Atopic dermatitis: Better to avoid emollients in childhood

Around 20% of all children develop atopic dermatitis in their first year of life. Does bathing in emollients at two months have a protective effect?

Emollients application and the effects on atopic dermatitis

Why bathe in emollients?

A risk factor for the development of atopic dermatitis is family history. If one or both parents suffer from the disease, the likelihood of the children becoming atopic also increases. Many parents therefore look for ways to prevent or slow down the development of the disease. It is therefore not uncommon for them to resort to emollients, which are added to the baby's bath.

The moisturisers are good for AD, aren't they?

Many people treat their manifest atopic dermatitis with emollients. Moisturisers are often recommended by dermatologists as the first choice. But can the skin care products also prevent or stop the development of AD? A recent study investigated this question. It collected data from over 2,000 infants who were bathed in the skin care products at the age of two months. Follow-up data on AD was available for around 1,500 of them.

Emollients: good for treatment, and good for prevention?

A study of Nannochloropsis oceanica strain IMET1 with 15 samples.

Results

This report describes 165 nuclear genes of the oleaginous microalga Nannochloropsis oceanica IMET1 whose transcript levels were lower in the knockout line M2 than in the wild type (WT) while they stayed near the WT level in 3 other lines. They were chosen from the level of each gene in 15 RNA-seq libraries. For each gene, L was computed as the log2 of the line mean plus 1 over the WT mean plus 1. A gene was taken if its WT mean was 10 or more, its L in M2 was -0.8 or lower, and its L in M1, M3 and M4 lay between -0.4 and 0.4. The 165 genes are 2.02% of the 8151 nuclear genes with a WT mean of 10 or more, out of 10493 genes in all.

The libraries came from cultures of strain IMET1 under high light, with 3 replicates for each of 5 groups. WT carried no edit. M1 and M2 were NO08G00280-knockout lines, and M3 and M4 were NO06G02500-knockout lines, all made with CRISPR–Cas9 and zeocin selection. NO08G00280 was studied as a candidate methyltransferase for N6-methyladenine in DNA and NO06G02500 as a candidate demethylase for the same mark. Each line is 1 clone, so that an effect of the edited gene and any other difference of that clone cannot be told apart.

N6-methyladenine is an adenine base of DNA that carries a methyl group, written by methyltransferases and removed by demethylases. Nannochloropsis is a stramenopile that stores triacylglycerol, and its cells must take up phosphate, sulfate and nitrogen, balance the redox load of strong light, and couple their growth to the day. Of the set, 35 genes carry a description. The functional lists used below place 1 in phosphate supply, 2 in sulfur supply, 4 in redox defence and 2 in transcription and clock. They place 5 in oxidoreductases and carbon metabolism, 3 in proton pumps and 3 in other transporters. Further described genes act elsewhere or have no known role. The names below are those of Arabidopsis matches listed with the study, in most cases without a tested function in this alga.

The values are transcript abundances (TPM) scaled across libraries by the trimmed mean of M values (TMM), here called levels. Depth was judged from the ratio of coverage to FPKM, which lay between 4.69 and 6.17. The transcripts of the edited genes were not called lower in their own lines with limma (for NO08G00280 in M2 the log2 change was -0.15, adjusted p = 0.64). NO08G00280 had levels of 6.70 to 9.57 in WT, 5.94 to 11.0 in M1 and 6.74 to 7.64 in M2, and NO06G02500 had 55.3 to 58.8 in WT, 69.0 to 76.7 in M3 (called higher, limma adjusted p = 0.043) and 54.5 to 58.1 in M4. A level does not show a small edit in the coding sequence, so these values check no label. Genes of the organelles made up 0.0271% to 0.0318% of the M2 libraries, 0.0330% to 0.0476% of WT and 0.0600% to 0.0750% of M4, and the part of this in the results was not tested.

Study results indicated that baths in emollients during early childhood do not appear to protect against the development of atopic dermatitis. In the population analysed in the study, the use of baths was even associated with a significantly higher risk of developing AD within the first two years of life.

Unsurprisingly, a combination of baths and skin creams with moisturisers is also associated with an increased risk of AD. Children who were neither bathed in the substances nor moisturised with them had a significantly lower incidence of atopic dermatitis.

Main take-away

The study data suggest that the use of emollients in early childhood does not improve or strengthen the skin barrier in such a way that atopic dermatitis does not develop in the first place. On the contrary, bathing infants in the substances even appears to be associated with an increased risk of disease. Parents, especially those with infants at risk of AD, should therefore be informed that the use of skin care products does not appear to correlate with better outcomes. The study data show that in the cases analysed, the opposite was in fact the case.

  1. O'Connor C, Livingstone V, O'B Hourihane J, Irvine AD, Boylan G, Murray D. Early emollient bathing is associated with subsequent atopic dermatitis in an unselected birth cohort study. Pediatr Allergy Immunol. 2023 Jul;34(7):e13998. doi: 10.1111/pai.13998. PMID: 37492907.